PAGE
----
A Wiki about biochemical individuality



Individuals produce different titers of isohemagglutinin? (also called isoagglutinin) An isoantibody normally present in the serum of an individual that causes the agglutination of the red blood cells of another individual of the same species. The typical range observed for anti-A isohemagglutinin titer is 32-2048, while that for anti-B is 8-512. Accordingly, there is no normal titer expected from any particular specimen. Under certain conditions or disease states, an autoimmune response is induced and isohemagglutinin titers increase.

Maternal isohemagglutinins are associated with ABO-hemolytic disease of the newborn. Isohemagglutinin titers are performed in cases of suspected parasitic disease. Parasites such as Toxocara, Ascaris, Schistosoma and Plasmodium express A- and B-like antigens on their surfaces, eliciting increases in anti-A and anti-B isohemagglutinin titers.


This is an assay for the qualitative determination of isohemagglutinin titer in serum. In addition to titering anti-A and anti-B antibodies (i.e., isohemagglutinins), the assay includes a determination of red blood cell type to confirm the isohemagglutinin results..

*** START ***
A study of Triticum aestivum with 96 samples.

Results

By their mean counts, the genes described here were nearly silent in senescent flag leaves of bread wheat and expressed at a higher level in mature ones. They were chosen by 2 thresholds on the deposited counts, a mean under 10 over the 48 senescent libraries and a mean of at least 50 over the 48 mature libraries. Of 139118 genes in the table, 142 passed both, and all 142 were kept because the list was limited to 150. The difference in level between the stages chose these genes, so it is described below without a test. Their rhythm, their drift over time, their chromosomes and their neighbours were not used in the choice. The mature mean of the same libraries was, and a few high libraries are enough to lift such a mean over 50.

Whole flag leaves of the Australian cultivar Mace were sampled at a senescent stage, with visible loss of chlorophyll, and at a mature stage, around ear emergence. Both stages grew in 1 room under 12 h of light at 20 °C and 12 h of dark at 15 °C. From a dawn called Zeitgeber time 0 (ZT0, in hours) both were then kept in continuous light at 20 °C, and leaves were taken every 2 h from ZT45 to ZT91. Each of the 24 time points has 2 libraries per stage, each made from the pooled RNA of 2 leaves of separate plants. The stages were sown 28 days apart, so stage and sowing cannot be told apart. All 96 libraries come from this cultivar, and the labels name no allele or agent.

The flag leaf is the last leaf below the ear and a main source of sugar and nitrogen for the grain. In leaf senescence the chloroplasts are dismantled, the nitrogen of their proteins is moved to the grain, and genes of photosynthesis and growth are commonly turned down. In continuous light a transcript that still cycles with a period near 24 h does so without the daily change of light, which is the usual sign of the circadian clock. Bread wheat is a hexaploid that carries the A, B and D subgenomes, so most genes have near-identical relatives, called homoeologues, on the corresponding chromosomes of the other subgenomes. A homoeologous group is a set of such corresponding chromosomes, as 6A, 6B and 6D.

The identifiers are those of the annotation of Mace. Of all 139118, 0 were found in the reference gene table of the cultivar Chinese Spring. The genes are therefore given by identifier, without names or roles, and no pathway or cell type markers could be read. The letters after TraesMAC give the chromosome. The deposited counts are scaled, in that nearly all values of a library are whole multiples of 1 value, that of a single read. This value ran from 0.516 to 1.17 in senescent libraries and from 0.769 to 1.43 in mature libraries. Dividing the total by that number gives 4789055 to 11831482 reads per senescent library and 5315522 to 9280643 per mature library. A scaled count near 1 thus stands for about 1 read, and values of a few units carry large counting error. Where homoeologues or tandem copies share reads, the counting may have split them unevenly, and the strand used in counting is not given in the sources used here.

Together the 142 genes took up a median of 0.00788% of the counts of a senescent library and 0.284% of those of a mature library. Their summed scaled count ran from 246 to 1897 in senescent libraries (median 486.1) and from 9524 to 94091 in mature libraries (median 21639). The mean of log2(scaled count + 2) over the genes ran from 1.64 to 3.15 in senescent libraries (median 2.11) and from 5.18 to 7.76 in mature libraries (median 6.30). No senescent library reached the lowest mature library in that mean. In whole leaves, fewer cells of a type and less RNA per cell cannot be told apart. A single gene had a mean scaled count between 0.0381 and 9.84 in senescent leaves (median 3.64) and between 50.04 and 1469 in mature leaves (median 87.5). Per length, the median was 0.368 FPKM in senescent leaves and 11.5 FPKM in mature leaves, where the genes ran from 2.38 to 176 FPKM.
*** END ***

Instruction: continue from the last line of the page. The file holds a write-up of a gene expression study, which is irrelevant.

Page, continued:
Blood type determination (front typing) and confirmatory testing by isohemagglutinin titer (back typing) are routinely performed using hemagglutination. Hemagglutination is the process by which red blood cells (RBC) agglutinate in the presence of antibodies to yield a solid pellet. Hemagglutination is assessed by visual observation at four levels, categorized as 1-4: one is slight agglutination represented as a grainy appearance of the sample as cells begin to aggregate; four is a solid mass of agglutinated cells; two and three represent intermediate states of increasing agglutination. Blood typing is performed by hemagglutinating a patient RBC sample with commercial antisera; isohemagglutinin titer is determined by observing the highest dilution of patient serum that results in RBC agglutination.


Isohemagglutinins are typically IgM class antibodies, although type O individuals tend to produce small ammounts of anti-A and anti-B of the IgG class.